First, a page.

Thursday, December 29, 2005

Why do we "Hang stockings by the fire with care?"

Jean has asked a lovely question.

"I know it's after Christmas, but why do we 'hang stockings by the fire with care'? Why stockings and why the mantel? "

There are several reasons in history that seem to lend to this tradition we have adopted as put down in the well known poem "Twas the Night Before Christmas" by Clement Clarke Moore.

According to Germanic folklore, the god Odin would have a great hunting party each year at Yule. Children would place straw, carrots or sugar in their boots by the chimney for Odin's flying horse Sleipnir to eat as they went by on their way to this hunting party. Odin, being so thankful for this kindness to his horse, would then replace the food with candy or gifts for the children. After the spread of Christianity, this tradition was adopted throughout the region and associated with Saint Nicholas, who also rode around on a horse and was rumored to replace the straw with gifts.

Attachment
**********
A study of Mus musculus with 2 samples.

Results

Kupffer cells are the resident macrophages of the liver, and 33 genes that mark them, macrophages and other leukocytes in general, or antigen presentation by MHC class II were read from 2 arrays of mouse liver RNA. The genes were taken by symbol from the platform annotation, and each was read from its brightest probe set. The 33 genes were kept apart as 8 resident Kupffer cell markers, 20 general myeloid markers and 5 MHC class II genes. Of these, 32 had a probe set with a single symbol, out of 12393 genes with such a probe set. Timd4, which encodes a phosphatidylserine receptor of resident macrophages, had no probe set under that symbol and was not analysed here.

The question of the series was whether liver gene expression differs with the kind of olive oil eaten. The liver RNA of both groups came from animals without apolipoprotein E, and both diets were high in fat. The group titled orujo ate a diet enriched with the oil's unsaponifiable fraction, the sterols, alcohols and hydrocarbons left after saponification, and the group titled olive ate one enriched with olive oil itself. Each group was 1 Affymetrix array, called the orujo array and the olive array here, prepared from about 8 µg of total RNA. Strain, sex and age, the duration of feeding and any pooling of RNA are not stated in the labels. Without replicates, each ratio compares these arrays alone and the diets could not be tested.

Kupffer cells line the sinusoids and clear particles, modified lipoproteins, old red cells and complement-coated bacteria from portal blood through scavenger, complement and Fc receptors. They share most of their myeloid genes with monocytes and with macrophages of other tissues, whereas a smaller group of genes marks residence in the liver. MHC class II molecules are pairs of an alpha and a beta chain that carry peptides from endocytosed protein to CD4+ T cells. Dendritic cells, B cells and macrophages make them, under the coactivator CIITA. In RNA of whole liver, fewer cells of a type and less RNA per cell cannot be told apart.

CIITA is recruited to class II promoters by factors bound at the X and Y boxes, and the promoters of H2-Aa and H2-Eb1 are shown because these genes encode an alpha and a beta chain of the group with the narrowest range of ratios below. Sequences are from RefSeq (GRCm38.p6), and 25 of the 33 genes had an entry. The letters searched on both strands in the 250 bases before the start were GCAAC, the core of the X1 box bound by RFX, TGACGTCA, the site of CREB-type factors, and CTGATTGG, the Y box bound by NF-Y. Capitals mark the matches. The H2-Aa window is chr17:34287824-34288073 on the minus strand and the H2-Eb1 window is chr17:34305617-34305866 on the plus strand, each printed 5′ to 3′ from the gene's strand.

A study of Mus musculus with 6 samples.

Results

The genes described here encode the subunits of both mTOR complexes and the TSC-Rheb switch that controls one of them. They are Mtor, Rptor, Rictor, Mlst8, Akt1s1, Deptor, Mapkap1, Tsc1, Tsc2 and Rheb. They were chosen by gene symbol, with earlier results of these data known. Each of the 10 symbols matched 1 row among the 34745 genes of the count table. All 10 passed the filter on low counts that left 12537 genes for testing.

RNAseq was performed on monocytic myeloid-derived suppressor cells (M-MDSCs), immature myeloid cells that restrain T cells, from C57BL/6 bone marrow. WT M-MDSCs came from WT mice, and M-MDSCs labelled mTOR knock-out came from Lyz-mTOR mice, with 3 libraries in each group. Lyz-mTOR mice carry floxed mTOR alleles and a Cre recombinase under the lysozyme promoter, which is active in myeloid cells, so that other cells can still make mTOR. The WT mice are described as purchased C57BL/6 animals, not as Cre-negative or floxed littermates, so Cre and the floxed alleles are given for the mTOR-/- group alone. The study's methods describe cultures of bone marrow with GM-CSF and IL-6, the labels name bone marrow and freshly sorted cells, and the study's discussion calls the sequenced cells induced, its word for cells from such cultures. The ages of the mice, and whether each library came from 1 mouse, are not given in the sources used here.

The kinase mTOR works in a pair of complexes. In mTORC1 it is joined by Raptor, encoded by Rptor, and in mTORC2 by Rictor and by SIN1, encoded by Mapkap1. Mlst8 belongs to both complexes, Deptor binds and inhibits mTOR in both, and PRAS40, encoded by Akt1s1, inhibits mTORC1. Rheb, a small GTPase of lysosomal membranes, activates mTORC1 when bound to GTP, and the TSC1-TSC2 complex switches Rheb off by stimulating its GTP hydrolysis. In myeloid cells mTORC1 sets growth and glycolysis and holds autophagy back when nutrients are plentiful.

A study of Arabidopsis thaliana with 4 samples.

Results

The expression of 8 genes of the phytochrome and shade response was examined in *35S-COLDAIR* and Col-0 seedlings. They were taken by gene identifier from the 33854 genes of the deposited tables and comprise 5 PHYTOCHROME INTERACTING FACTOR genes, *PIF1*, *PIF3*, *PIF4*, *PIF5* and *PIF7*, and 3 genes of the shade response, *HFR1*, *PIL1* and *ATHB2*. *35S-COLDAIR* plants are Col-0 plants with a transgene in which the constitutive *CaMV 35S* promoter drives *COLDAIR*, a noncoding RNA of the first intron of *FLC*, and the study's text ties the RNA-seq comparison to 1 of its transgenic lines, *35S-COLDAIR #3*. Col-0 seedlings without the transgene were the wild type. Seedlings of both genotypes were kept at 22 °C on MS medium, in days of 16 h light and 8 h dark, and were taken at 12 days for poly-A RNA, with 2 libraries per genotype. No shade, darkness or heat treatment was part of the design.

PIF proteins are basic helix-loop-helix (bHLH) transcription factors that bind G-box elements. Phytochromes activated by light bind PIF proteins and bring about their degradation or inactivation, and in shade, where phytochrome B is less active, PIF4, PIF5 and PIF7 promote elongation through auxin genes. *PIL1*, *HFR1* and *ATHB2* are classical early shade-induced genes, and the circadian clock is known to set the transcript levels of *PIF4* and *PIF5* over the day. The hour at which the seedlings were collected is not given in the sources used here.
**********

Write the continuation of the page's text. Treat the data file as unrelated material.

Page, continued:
Both Odin and Saint Nicholas were commonly seen as being an old mysterious man with a long white beard. As these traditions changed and moved across countries, when they came to America, it changed from the shoes by the chimney to the stockings or socks by the fireplace and rather than just leaving them on the floor, they were "hung with care" on the mantle.

He has different names in different countries. Sinterklaas is from the Dutch and was a mythical character based on the idea of Saint Nicholas. He rode a flying white horse and was known to have helpers and climb down the chimney to deposit gifts in children's shoes. Britain and the United States took this name and changed it to Santa Claus.

And we still put out a snack for Santa (cookies & milk) and quite often for his reindeer (carrots) and hope fervently for him to replace our offering with gifts and candy. At least I do. :) I was a good girl this year.


Jean said...

My brain has been expanded. Thank you for your insight. I will now hang my stockings more carefully. And as for you, yes, you were a good girl this year :)

anne said...

I'm glad I could learn you something. My resources have long been dormant...

Jean said...

I had another question for you, but I found out the answer before I could think to ask. Hmmm...don't even know if that makes sense :)

Anonymous said...

I'm Hungarian and on the night of December 6th, the tradition is that if we leave our boots out, they get filled with goodies. This is if you're a kid, of course and it has nothing to do with Christmas for us though it IS Santa who comes.

On the evening of the 24th, we celebrate Christmas - gifts brought to us by Angels.